We promise you won’t miss those dingy cardboard boxes.

Organized Garage

Amanda Titchenal, founder of full-service organizing firm Well Organized, says a major organizing project should either start or end with removing unwanted or unnecessary things in your garage. If you’re ready to organize your home, clearing out your garage will give you some extra storage space to work with. As Titchenal previously explained while talking about pro tips to organize your garage, the garage is an often-neglected spot that could likely use the occasional cleanout. 

This is easier said and done, though, especially if you have hidden away precious mementos and other personal items. Below, Titchenal walks us through her process to complete each purge, and she shares the advice she gives her clients along the way.

Organized Garage



2. Categorize Everything

Titchenal and her team begin each garage purge by categorizing all of the items. General categories include household items (think paint, tile, and other building supplies), tools, camping equipment, beach gear, sporting goods, holiday decor, memorabilia and mementos, and what she calls the “Costco backstock”—food supplies, toilet paper, paper towels, and other essentials. She adds that shoes and other personal items are also separated, and there’s typically some sort of miscellaneous pile with anything remaining.

Christmas Gear in Garage

Amanda Titchenal

3. Create a Grid on Your Driveway

You’ll want to see everything before you toss it, and Titchenal has developed a system to lay it all out there. 

“If somebody has a driveway or even an alleyway, we try to section it off, almost as if it’s a grid,” she says. “If you have painter’s tape you can put out or make big signs on paper, that’s super helpful, too.” 

These zones will have the names of each category, like household items, tools, camping equipment, and so on.

Duck Painter's Tape


Categorizing is only the beginning, and it leads to the next step, which Titchenal refers to as “micro-categorizing.” One example is to sort holiday decor by each celebration, so Christmas lights, ornaments, and other decor are separated from what you bring out for Halloween, Thanksgiving, Easter, etc.

5. Know That It’s OK to Start Small

“If you have limited space or time and can’t do everything at once, it’s super important to just stick to one category,” Titchenal says. “So, if you can find all of your sporting goods and purge that in one day, great.”

It may also depend on how you’ve organized your home, and what you actually need to get rid of in your garage. 

“Some people go in their garages and they barely have anything,” Titchenal adds. “Some people have been living in their house for 40 years, and they can’t even walk inside of their garage. It’s still the same process, no matter the volume of stuff.”

6. Bid Farewell to Cardboard Boxes

What you decide to toss is up for debate, but there’s one thing Titchenal insists you remove: cardboard. 

“We get everything out of cardboard, for a few reasons,” she says. “One is that cardboard breaks down over time and gets smashed and doesn’t hold shape. You don’t know what’s inside of them, even if they are labeled. It could’ve been a box you’ve reused five times that says ‘Kitchen’ or ‘Mom’s Clothes.'”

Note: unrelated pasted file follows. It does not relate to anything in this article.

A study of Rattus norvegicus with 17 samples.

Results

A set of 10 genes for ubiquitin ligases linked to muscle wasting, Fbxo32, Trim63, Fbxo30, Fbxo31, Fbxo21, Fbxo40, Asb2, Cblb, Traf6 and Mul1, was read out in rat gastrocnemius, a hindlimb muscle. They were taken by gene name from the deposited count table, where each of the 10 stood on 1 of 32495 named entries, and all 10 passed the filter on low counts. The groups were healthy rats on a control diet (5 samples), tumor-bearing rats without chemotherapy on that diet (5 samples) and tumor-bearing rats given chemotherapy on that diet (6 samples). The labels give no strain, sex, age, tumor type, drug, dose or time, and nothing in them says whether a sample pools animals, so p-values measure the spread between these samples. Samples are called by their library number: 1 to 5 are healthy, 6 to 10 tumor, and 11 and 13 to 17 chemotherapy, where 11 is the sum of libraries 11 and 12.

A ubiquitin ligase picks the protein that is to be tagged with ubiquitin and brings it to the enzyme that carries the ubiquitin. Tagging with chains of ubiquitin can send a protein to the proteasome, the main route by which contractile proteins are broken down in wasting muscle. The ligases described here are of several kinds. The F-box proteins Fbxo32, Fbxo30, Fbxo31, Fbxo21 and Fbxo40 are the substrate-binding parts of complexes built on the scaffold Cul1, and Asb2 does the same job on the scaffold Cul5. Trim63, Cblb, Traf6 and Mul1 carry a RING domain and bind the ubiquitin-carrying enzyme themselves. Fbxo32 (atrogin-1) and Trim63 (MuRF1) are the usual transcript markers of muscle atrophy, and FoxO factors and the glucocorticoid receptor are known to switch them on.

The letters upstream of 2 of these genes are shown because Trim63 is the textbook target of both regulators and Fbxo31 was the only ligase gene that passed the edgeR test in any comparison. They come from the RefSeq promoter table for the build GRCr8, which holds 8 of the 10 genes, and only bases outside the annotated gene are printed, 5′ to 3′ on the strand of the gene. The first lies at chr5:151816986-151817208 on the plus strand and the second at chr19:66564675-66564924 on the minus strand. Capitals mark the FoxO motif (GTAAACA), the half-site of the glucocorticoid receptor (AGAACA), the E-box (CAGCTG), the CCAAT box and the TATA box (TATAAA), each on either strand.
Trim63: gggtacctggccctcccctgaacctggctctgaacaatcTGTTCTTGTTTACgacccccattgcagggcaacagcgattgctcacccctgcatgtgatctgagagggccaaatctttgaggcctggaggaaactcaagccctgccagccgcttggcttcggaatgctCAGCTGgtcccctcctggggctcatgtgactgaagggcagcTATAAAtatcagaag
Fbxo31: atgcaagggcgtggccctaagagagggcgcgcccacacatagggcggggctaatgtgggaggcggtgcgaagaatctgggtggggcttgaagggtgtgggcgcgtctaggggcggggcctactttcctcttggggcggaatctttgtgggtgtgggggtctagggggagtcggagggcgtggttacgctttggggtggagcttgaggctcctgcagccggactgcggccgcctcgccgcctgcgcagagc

As an alternative, Titchenal recommends swapping out cardboard boxes for clear plastic bins that will help you organize and protect your belongings. 

“When something’s in a clear bin, it has a purpose and the label, and you’re more likely to use that bin and come back to it at a later time,” she says. “They also stack a lot better, they don’t break down over time, and they’re an investment that you can keep your things nice for long periods of time.”


Everything that falls into the “memory” category, like memorabilia and mementos, can take up a lot of physical and emotional energy. In fact, Titchenal says this section is worthy of its own standalone organizing project, especially when her clients have a lot of photos, paperwork, or artwork to go through. Her goal? Consolidate as much as possible. 

“Oftentimes, that stuff is in a million different cardboard boxes that are maybe broken or smashed and not easily stacked,” she says. “People don’t have time to go through memories in detail when they’re doing a garage clean-out, so it’s just a matter of consolidating and getting them into like-sized bins, so it can be addressed at a future date.”

If you’re having a difficult time parting with anything, Titchenal typically tells her clients to photograph their memories. In the past, she’s had clients take photos of their kids’ stuffed animals, artwork, homemade crafts, and other sentimental belongings to keep them as more convenient storage items.

Memorabilia Boxes in Garage
Memorabilia and mementos are organized in a garage.

Amanda Titchenal

8. Understand the Emotions That Come with Purging Items

Emotional attachment sometimes gets lost in the conversation, and even the word “purge” can sound quite aggressive. Titchenal works through these challenges with her clients and encourages them to focus on the big picture. 

“If something is super emotional, let’s just put it aside for a later date,” she says. “If you come to a box that’s filled with something that reminds you of a loved one who passed away or maybe even just a really hard time in your life, it can derail you from your ultimate goal.”

Constant reminders of grief or sad memories can be a source of negativity, and Titchenal suggests stowing those away to lighten up your space—in more ways than one. 

“Let’s get this stuff out of here, so it doesn’t remind you every single day of the sadness that you feel,” she says. “Maybe keep a few things in a box. Let go of those negative emotions and just keep the ones that are happy memories.”